Today was our last day in Budapest, and we had the entire morning to do as we pleased. During the Holocaust, countless Hungarian Jews were taken to the Danube River and were forced to strip naked before being shot into the River. Most of the time, the Jews were told to take their shoes off since shoes were a great commodity during the war, but if their shoes were worn out, they would likely be killed still wearing them. In many cases, the Arrow Cross would remove the shoelaces and tie the victims’ hands together, and in such instances, only one person would be shot, causing the other to drown. During the winter of 1944-1945, the Danube River was known as the “Jewish Cemetery,” because even if you weren’t shot, you’d likely die from the freezing cold water.
In 2005, a memorial was installed on the Pest bank of the Danube River, with three plaques in Hungarian, English, and Hebrew reading, “To the memory of victims shot into the Danube by Arrow Cross militiamen in 1944-45.” “On the banks of the Danube River in Budapest, not far from the Hungarian Parliament building, sit sixty pairs of old-fashioned shoes, the type people wore in the 1940s. There are women’s shoes, there are men’s shoes and there are children’s shoes. They sit at the edge of the water, scattered and abandoned, as though their owners had just stepped out of them and left them there” (http://www.yadvashem.org). There’s not much I could say to describe The Shoes On The Danube Promenade Memorial, but as you can imagine, it was completely silent as everyone reflected on the tragedies that occurred right where we were standing. In my previous post, I mentioned that there was a plaque by the Dohány Street Syngagogue which commemorated all of the gentile heroes who helped save Hungarian Jews from being killed in the Holocaust. One of those heroes was Raoul Wallenberg, a man who saved over 100,000 Hungarian Jews. This is only part of his story:
“In 1944, the United States established The War Refugee Board (WRB), an organization created with the mission of saving Jews from Nazi persecution. The WRB soon realized that serious attempts were being made from the Swedish side to rescue the Jewish population in Hungary. The WRB’s representative in Stockholm called a committee with prominent Swedish Jews to discuss suitable persons to lead a mission in Budapest for an extensive rescue operation. […] The committee approved Wallenberg and by the end of June 1944, he was appointed first secretary at the Swedish legation in Budapest with the mission to start a rescue operation for the Jews.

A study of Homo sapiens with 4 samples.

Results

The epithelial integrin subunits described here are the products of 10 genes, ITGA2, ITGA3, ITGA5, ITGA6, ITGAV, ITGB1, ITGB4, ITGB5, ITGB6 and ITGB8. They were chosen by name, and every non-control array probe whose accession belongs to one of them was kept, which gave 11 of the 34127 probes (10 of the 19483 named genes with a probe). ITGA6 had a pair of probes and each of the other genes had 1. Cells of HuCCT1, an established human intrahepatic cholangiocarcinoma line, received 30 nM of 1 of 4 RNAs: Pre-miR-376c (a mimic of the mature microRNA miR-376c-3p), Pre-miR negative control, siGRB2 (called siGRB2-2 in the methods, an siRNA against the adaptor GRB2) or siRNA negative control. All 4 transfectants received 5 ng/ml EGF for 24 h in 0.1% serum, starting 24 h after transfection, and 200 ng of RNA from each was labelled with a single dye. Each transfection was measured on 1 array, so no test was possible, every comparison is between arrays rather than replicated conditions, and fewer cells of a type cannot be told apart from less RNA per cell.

By the time Wallenberg arrived in Budapest in July 1944, the Germans, under the leadership of SS officer Adolf Eichmann, had already deported more than 400,000 Jewish men, women and children from Hungary. They had been deported on 148 freight trains between May 14 and July 8.
Only about 230,000 Jews, out of a population that once numbered close to three-quarters of a million, were now left.
Wallenberg’s first task was to design a Swedish protective pass to help the Jews against the Germans and their Hungarian allies. At the start, Wallenberg was only given permission to issue 1,500 of his passes. Quickly, though, he managed to negotiate another 1,000, and through promises and empty threats to the Hungarian foreign ministry he eventually managed to raise the quota to 4,500 protective passes.
It was at this point that Wallenberg started to build “Swedish houses” – some 30 houses in the Pest part of the city where Jews could seek refuge. A Swedish flag hung in front of each door and Wallenberg declared the houses Swedish territory. The population of the “Swedish houses” soon rose to 15,000. Other neutral legations in Budapest started to follow Wallenberg’s example, issuing their own protective passes, and a number of diplomats from other countries were even inspired to open their own “protective houses” for Jewish refugees.
Toward the end of 1944, Wallenberg moved over the Danube river from Buda to Pest where the two Jewish ghettos were situated. Even the once minimal level of law that existed on this side was now gone. Simultaneously, Wallenberg’s department at the Swedish legation grew constantly and finally kept 340 persons “employed.” Another 700 people also lived in their building.
Wallenberg searched desperately for suitable people to bribe, and found a very powerful ally in Pa’l Szalay, a high-ranking officer in the police force and an Arrow Cross member. (After the war, Szalay was the only Arrow Cross member that wasn’t executed. He was set free in recognition for his cooperation with Wallenberg.)
In the second week of January 1945, Wallenberg discovered that Eichmann planned a total massacre in Budapest’s largest ghetto The only one who could stop it was general August Schmidthuber, commander-in-chief for the German troops in Hungary.
Wallenberg’s ally Szalay was sent to deliver a note to Schmidthuber explaining how Wallenberg would en sure that the general be held personally responsible for the massacre if it proceeded and that he would be hanged as a war criminal after the war. The massacre was stopped at the last-minute thanks to Wallenberg’s action.
Two days later, the Russians arrived and found 97,000 Jews alive in Budapest’s two Jewish ghettos. In total 120,000 Jews survived the Nazi extermination in Hungary. According to Per Anger, Wallenberg’s friend and colleague, Wallenberg must be honored with saving at least 100,00 Jews” (http://www.jewishvirtuallibrary.org).